Arthritis Triggers: Tracking the Arthritis Trigger
Those painful arthritis aches -- all too familiar to many a baby boomer -- may be caused by bacterial infections like salmonella, Johns Hopkins researchers say. Arthritis can result when the immune system cells that fight bacteria attack normal cells carrying a protein resembling bacteria, the researchers say in the journal Nature Medicine.
"We've found evidence that the immune system can be fooled, and it suggests subtle changes that could underlie many autoimmune diseases" including arthritis, said Mark Soloski, the Hopkins researcher who led the study.
As many as 10 percent of those who get salmonella, which causes food poisoning, develop a "reactive" type of arthritis lasting a few weeks. But a "significant number" suffer a severe, debilitating and long-lasting arthritis, Soloski said.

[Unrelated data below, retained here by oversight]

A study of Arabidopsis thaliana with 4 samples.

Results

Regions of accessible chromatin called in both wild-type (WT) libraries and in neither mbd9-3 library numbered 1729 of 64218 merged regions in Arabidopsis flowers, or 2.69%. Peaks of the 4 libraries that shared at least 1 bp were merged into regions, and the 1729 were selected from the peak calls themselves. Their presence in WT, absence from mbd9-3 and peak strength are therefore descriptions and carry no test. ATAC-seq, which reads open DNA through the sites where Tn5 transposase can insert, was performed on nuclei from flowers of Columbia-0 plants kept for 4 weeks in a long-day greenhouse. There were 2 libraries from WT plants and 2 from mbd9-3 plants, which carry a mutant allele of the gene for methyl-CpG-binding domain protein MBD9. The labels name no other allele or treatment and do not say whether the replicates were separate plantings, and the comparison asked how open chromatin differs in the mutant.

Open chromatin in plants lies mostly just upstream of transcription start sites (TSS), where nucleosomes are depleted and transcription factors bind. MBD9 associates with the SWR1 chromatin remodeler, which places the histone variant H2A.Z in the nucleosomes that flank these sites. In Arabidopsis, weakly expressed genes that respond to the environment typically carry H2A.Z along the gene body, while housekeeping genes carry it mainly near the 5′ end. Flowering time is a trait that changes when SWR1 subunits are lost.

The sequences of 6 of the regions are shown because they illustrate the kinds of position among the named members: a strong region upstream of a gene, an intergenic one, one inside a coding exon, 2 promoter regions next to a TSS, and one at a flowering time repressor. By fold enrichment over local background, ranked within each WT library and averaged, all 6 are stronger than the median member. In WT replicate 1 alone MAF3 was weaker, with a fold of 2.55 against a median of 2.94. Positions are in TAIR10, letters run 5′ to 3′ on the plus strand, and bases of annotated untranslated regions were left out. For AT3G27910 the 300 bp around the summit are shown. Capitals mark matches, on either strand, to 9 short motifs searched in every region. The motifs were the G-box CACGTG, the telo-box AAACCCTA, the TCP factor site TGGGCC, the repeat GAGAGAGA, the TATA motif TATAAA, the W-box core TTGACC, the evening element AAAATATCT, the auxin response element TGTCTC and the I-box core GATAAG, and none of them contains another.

The study, based on experiments with mice, showed cells infected with salmonella displayed "flags" or pieces of protein from the bacteria almost identical to a protein found in all living organisms. These flags prompt the immune system cells to attack the healthy proteins as well.
The "flag" molecules appear in other bacteria as well, including E. coli and the bacteria that cause typhoid and stomach cancer. Now scientists hope to find out why and how this immune response translates into arthritis.
Arthritis, which afflicts some 40 million Americans (up from 35 million in 1985), is no small concern to ThirdAgers. As boomers grow older, the number of Americans with arthritis will surge to nearly 60 million, or 1 in 5 people, by 2020, says the Arthritis Foundation, which helped finance the study.
That, in turn, is expected to increase the number of physician visits (now at 39 million a year), hospitalizations (now over 500,000) and costs to the U.S. economy (now some $65 billion). More than half those affected are under 65, and the foundation says: "Baby boomers are now at prime risk."